Image of Tyrone Hayes, Ph.D. in his lab. Listen to a short clip from his talk at the 31st National Pesticide Forum, Albuquerque, NM, 2013.
There are few scientific research projects more important to protecting life and preventing its long-term demise than those conducted by Tyrone Hayes, Ph.D. And now this work is under threat. Dr. Hayes, a Harvard educated biologist and professor of Integrative Biology at the University of California, Berkeley, whose research finds that the herbicide atrazine feminizes male frogs, is one of the leading scientists critical of the pesticide industry and regulatory process. This critical research is threatened while, as Dr. Hayes’ points out, amphibian species are in decline and they are disappearing.
Getting to the Scientific Truth
Dr. Hayes’ work has shown that current regulatory reviews allow widespread use of pesticides that cause serious adverse effects well below allowable legal standards and when in mixtures not studied. He initially began his research with a study funded by Novartis Agribusiness, one of two corporations that would later form Syngenta, the maker of atrazine. When his results contradicted Novartis’ expected or desired outcome, he was criticized by the company, which withdrew its funding. Dr. Hayes continued the research with independent funding and found more of the same results: exposure to doses of atrazine as small as 0.1 parts per billion (below allowed regulatory limits) turns tadpoles into hermaphrodites – creatures with both male and female sexual characteristics. When his work appeared in the prestigious Proceedings of the National Academy of Sciences, Sygenta attacked the study, starting an epic feud between the scientist and the corporation. In fact, a June 2013 investigative report by 100Reporters and Environmental Health News exposed the chemical giant’s multi-million dollar campaign to discredit atrazine critics. A February 2014 article in The New Yorker, "A Valuable Reputation," also describes the trials that Dr. Hayes has faced in trying to get the truth out about atrazine. Check out Dr. Hayes' interview on Democracy Now.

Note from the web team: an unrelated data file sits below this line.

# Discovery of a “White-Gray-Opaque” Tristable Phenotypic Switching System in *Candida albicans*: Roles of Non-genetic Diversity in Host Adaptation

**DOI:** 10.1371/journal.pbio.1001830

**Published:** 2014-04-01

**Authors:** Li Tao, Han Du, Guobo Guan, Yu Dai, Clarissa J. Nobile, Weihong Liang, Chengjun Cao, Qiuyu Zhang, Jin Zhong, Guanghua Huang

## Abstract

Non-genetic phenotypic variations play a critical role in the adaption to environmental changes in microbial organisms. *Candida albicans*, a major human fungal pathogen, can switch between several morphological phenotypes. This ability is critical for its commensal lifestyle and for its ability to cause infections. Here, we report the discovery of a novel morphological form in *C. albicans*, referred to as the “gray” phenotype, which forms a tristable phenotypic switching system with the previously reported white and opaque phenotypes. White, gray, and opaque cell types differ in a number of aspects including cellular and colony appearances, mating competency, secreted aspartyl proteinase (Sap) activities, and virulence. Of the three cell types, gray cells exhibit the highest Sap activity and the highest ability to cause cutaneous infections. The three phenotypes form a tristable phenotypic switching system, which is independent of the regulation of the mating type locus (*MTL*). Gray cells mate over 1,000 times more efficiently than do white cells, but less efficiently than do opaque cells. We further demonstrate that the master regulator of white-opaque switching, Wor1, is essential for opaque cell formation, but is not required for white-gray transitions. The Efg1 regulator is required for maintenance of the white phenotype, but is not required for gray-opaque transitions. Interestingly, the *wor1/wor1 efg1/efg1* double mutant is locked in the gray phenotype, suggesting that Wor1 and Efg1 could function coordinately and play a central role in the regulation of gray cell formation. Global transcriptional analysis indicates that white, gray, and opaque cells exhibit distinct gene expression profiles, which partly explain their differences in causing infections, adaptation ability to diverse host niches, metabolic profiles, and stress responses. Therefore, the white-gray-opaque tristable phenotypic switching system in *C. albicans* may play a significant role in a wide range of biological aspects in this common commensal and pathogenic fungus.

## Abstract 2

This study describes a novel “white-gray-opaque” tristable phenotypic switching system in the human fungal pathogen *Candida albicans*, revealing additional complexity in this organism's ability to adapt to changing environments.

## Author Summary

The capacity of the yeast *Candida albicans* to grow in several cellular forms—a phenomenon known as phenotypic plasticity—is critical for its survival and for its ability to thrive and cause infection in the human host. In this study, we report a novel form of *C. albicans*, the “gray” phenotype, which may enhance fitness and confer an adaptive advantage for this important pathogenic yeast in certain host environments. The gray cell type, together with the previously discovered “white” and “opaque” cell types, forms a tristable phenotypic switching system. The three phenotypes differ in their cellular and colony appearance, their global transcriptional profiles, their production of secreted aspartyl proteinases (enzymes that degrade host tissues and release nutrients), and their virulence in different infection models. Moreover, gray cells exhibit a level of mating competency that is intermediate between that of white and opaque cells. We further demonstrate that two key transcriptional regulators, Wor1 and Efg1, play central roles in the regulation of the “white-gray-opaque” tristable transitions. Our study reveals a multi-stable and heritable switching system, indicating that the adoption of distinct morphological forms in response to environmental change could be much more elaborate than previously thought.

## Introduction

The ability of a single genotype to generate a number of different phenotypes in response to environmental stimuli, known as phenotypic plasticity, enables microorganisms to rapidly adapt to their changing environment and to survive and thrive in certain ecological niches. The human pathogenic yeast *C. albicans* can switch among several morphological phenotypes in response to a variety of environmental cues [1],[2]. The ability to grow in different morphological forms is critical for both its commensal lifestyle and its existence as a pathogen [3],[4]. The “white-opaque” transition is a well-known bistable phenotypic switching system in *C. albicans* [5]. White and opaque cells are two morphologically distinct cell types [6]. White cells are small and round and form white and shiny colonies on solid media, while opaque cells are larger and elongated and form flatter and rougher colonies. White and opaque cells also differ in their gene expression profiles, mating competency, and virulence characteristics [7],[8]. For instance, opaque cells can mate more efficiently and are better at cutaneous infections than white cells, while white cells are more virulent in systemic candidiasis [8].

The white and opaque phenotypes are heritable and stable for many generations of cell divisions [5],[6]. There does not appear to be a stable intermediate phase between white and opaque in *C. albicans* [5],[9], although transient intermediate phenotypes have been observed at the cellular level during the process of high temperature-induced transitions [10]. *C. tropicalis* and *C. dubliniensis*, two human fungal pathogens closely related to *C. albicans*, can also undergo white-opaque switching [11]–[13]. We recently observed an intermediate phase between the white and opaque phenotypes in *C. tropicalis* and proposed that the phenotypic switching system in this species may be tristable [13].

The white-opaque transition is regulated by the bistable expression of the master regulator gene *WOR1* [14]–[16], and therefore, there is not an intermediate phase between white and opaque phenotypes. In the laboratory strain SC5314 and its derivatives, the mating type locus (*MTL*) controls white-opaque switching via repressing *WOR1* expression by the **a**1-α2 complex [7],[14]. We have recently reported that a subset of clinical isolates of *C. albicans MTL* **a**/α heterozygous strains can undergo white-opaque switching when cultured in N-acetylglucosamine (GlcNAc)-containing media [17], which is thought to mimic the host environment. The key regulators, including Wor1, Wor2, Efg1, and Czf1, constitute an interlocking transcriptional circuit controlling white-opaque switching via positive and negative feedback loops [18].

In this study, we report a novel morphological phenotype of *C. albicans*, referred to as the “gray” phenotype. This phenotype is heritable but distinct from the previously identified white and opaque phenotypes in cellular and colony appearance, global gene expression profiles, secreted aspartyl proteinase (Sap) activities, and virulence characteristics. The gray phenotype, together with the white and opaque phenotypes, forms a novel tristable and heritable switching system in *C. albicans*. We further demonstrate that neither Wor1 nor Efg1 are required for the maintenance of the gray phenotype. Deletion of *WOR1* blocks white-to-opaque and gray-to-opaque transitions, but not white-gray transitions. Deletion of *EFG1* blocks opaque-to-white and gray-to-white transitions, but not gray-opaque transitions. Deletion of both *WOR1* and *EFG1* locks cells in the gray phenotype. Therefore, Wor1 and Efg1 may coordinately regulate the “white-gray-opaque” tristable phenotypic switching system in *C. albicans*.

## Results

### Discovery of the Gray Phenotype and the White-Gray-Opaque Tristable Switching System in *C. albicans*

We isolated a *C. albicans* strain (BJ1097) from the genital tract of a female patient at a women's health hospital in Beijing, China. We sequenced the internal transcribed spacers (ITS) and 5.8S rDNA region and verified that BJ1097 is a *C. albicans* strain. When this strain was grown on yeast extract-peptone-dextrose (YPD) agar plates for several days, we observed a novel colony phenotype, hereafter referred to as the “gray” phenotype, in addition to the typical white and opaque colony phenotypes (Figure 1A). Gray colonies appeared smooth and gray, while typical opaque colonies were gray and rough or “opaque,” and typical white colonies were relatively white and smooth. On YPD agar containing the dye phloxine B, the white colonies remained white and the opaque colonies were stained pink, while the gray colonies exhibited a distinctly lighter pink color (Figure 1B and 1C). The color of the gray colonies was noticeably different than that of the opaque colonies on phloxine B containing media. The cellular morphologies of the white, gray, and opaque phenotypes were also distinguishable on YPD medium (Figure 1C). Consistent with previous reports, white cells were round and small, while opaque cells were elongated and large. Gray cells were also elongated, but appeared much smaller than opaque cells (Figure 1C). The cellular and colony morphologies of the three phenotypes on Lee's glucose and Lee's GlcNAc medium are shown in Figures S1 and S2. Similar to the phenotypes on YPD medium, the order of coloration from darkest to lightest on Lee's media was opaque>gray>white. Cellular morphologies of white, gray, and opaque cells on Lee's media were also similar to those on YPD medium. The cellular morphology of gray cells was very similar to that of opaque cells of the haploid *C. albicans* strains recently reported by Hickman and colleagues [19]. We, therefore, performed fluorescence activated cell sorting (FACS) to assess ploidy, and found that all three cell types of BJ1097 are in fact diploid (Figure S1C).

Dr. Hayes has published more than 40 papers, over 150 abstracts and has given more than 300 talks on the role of environmental factors on growth and development in amphibians. With the cutbacks in government funds and the relentless industry attacks, Dr. Hayes has recently run into financial woes, including exceedingly high fees from the University’s Office of Laboratory Animal Care. We hope that his important work will continue, however without funding there is no way for him to do research.
See article Protecting Life
– From Research to Regulation: Disappearance of frogs, human health effects linked to pesticide use.
Watch a full presentation of Dr. Hayes' talk at the 31st National Pesticide Forum held in Albuquerque, NM.
Raising Funds for Independent Science
Beyond Pesticides has established The Fund for Independent Science to support Dr. Hayes’ work, to protect life from harmful chemicals. Dr. Hayes’ lab operates on a budget of $150,000. Funds raised will keep this critical research going forward. Through this page, we ask you to consider making a pledge to the Fund. If the Fund is able to generate $150,000 in pledges, we will then circle back to collect your contribution. As the Fund grows, we will support other independent scientific research to inform great growth of the sustainable sector.
In general, we need a mechanism for raising substantial dollars from those who support independent scientific research to inform sound public policy that protects health and the environment. We need independent science to understand the toxicology of chemicals that are allowed to be introduced into the environment and our food supply. This information is critical to influence state and local decision makers to act because of industry-dominated regulatory decisions that assume the necessity of toxic materials, driven by companies with an economic interest. Building systems that are not reliant on toxic inputs requires continual understanding of the destructive capacity of toxic materials in commerce and the sustainable practices that can replace them in the marketplace.
Thank you for considering a donation to the Fund!